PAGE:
New analysis shows program saves N.C. Medicaid spending and prevents abuse by limiting to a single pharmacy and physician

For release: Immediate    May 14, 2012
Contact: Brad Deen (919) 855-4840

RALEIGH — A recent analysis of a North Carolina Department of Health and Human Services (DHHS) program for chronic pain patients on Medicaid shows $5.2 million saved in the first year, and 2.3 million fewer pain pills were prescribed to patients in only three months.

The numbers are significant because Medicaid recipients who struggle with pain often seek multiple prescriptions, from multiple doctors, leading to dramatically higher costs and the potential for abuse and overuse. “Doctor-shopping” for narcotics can lead to addiction, overdose and pills being resold on the street.

Almost 2,500 North Carolina Medicaid recipients are currently enrolled in the DHHS “Lock-in” program for narcotics and controlled substances. Part of Gov. Bev Perdue’s efforts to reduce fraud, waste and abuse in state Medicaid, the lock-in program launched in October 2010. New technology identifies Medicaid recipients with multiple prescriptions for opiate pain relievers or sedative/anti-anxiety medicines. DHHS “locks in” those recipients to using a single physician and pharmacy.

Locking patients in to one doctor and one pharmacy ensures they receive the medications and care they truly need while providing a new level of oversight that can ferret out abuse or overuse.

“In these difficult financial times, we are searching for every way possible to save money for a Medicaid system that is adding people exponentially,” said DHHS Acting Secretary Al Delia. “At the same time, we are trying to maintain an adequate level of care and services for our neediest citizens. The beauty of the Lock-in program is that it accomplishes both significant savings and continued care. It’s a win-win.”

A recent analysis of first year data shows that locked-in recipients saved Medicaid more than $800,000 in reduced pharmacy costs alone. And because locked-in Medicaid patients were restricted from “doctor-shopping” for narcotics, they made fewer hospital, emergency room and dental visits and underwent fewer radiology scans and lab tests. Those additional savings were estimated at more than $4.4 million, for a total first-year savings of more than $5.2 million.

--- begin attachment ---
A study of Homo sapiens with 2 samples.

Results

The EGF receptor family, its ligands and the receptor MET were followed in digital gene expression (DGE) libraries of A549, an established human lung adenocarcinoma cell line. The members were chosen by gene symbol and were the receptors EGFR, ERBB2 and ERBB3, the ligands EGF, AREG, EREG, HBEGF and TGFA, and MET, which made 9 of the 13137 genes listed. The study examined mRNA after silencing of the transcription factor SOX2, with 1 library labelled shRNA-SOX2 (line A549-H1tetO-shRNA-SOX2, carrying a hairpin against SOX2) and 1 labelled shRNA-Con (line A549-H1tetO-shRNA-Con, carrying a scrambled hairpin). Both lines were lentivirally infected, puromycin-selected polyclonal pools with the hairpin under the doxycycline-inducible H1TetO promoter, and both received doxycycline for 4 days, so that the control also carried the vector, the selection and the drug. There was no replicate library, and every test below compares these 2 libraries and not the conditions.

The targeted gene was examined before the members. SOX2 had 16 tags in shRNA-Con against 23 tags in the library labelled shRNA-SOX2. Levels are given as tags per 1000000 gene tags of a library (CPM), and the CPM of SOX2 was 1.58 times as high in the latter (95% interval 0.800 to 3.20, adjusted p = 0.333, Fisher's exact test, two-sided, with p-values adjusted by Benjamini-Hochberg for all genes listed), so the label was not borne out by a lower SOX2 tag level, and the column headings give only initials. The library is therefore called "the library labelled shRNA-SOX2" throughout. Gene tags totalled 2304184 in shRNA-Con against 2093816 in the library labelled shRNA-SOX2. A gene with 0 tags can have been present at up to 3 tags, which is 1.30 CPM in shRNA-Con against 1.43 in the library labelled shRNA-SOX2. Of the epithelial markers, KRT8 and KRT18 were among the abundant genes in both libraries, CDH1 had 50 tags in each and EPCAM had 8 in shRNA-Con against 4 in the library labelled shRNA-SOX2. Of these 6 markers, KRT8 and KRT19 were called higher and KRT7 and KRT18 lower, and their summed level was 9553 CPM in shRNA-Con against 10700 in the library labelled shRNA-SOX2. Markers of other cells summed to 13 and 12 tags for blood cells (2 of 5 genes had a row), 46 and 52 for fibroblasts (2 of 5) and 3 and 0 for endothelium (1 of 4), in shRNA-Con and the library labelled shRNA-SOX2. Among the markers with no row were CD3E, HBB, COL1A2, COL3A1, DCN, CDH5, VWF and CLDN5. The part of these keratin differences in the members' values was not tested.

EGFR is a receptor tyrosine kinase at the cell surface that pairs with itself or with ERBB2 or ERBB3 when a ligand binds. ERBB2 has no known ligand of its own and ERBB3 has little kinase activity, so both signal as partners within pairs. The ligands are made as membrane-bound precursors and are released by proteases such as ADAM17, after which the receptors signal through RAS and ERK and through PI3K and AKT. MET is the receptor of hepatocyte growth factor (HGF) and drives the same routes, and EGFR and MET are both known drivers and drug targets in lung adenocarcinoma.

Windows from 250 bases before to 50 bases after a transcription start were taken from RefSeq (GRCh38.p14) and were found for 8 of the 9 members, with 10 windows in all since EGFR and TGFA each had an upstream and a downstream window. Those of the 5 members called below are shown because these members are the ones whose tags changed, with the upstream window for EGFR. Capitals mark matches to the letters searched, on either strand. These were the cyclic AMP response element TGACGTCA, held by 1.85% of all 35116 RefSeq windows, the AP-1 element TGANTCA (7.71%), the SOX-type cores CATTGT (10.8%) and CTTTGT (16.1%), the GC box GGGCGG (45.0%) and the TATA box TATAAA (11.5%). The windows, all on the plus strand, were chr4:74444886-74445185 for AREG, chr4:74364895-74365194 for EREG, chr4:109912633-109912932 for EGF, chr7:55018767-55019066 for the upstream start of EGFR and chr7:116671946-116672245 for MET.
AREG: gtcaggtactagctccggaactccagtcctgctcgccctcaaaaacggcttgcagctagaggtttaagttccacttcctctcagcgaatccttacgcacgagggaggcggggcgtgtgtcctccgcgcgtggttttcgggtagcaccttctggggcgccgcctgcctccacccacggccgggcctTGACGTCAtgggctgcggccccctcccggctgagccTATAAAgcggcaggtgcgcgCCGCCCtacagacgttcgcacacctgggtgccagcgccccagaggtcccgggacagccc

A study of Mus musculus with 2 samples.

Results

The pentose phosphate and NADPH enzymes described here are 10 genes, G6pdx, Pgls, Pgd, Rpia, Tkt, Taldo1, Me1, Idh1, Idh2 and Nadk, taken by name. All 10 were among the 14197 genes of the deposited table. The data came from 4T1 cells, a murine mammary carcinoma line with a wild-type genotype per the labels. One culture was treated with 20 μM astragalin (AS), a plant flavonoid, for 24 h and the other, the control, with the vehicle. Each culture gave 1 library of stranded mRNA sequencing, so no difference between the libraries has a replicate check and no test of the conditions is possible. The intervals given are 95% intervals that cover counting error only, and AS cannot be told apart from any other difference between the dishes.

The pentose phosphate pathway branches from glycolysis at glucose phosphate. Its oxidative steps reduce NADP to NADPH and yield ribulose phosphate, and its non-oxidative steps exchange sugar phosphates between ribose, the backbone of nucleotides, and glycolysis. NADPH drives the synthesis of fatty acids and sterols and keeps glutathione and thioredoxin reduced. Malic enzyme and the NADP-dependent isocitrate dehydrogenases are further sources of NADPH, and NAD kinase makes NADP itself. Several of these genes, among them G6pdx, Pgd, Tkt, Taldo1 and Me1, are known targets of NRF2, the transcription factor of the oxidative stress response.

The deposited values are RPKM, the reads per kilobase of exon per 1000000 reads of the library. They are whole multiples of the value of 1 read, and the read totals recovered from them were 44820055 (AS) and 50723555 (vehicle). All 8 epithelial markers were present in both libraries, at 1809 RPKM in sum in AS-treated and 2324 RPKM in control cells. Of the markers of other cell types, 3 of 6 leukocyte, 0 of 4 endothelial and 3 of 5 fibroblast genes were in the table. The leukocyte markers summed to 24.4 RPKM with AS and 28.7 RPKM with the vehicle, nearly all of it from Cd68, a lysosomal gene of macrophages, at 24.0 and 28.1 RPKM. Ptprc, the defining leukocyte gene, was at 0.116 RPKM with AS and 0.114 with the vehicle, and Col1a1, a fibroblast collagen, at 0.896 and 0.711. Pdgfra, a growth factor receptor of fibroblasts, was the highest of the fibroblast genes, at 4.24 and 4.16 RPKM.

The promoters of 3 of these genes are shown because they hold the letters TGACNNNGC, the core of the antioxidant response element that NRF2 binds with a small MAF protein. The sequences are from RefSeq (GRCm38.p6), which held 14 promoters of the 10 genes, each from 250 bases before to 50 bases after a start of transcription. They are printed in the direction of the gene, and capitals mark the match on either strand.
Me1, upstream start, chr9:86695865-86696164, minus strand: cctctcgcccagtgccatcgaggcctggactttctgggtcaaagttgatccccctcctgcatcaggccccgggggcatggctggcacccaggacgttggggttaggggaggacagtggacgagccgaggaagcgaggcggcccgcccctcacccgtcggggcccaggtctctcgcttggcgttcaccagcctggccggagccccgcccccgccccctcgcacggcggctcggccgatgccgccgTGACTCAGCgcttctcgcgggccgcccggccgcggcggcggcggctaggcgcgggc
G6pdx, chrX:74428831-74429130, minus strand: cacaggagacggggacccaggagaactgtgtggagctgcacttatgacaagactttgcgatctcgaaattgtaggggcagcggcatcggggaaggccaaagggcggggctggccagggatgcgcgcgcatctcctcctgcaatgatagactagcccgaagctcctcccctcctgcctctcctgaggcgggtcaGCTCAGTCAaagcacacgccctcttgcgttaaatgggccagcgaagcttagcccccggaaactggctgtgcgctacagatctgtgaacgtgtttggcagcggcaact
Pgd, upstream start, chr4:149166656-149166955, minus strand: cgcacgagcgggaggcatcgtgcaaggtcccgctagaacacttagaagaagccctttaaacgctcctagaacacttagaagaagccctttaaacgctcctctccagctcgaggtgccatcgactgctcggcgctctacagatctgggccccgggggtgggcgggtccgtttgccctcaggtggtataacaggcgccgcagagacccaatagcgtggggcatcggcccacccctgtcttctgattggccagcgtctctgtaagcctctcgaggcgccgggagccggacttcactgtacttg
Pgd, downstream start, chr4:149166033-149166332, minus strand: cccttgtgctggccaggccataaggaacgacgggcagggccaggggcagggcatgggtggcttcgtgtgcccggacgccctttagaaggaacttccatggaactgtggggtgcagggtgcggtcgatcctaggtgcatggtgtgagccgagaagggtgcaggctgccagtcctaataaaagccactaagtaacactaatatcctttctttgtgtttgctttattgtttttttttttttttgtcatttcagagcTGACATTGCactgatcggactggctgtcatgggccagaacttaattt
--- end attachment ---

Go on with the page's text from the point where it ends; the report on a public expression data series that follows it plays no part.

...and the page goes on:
Comparing the three months before lock-in dates to three months afterward, Medicaid officials also found that recipients consumed 2.3 million fewer pills, or about 1,000 fewer pills apiece. N.C. Medicaid likely reduced the supply of controlled substances by millions more pills since the program was launched in October 2010.

Here are examples of patients who reduced costs significantly during the first two months after they were locked-in, compared to the two months prior:

A man from the Fayetteville area received prescriptions for nine narcotic pain relievers and two tranquilizer/anxiety medicines, which he obtained from nine separate physicians and filled at four pharmacies. He visited hospital emergency rooms five times, medical offices 14 times and had 15 radiologic scans.
Cost to state Medicaid for two months before lock-in: $39,061
Cost for two months after lock-in: $3,374
Percentage drop: 91%
Health benefits: His chronic shoulder and back pain from an old injury was managed, and he received help for health and psychological issues.

A woman from the Wilmington area obtained eight prescriptions for narcotics from four physicians, which she filled at four pharmacies. She discovered she was pregnant while visiting two hospital emergency rooms, four medical offices and receiving three radiologic scans.
Cost to state Medicaid for two months before lock-in: $13,181
Cost for two months after lock-in: $207
Percentage drop: 98%
Health benefits: She received vital prenatal care during her pregnancy and pain management for chronic back and knee issues.

A woman from the Triangle area visited seven doctors, obtaining prescriptions for seven opiate pain relievers and nine tranquilizer/anxiety medicines. She underwent four radiologic scans, made eight visits to a hospital emergency room (arriving by ambulance twice) and made nine visits to other medical offices.
Cost to state Medicaid for two months before lock-in: $24,722
Cost for two months after lock-in: $15,187
Percentage drop: 39%
Health benefits: Her health and psychological issues are being better monitored and controlled.

A man from the Charlotte area obtained seven narcotics and two tranquilizer/anxiety medicines from five physicians. He underwent four radiologic scans, made seven medical office visits and one to an ER.
Cost to state Medicaid for two months before lock-in: $27,976
Cost for two months after lock-in: less than $8,925
Percentage drop: 68%
Health benefits: His back pain and other chronic health issues are now better managed.

A woman from the Asheville area obtained eight narcotics prescriptions from four physicians, which she filled at three pharmacies. She received six radiologic scans, made four medical office visits and one to an ER.
Cost to state Medicaid for two months before lock-in: $12,598
Cost for two months after lock-in: $688
Percentage drop: 95%
Health benefits: better management of her chronic back pain.

A woman from the Triad area obtained prescriptions for nine narcotic and two tranquilizer/anxiety medicines from four physicians, filling them at three pharmacies. She underwent six radiologic scans and visited five medical offices and an ER.
Cost to state Medicaid for two months before lock-in: $18,650
Cost for two months after lock-in: $1,129
Percentage drop: 94%
Health benefits: Her chronic back pain and foot pain – plus other health and psychological issues – are managed and monitored.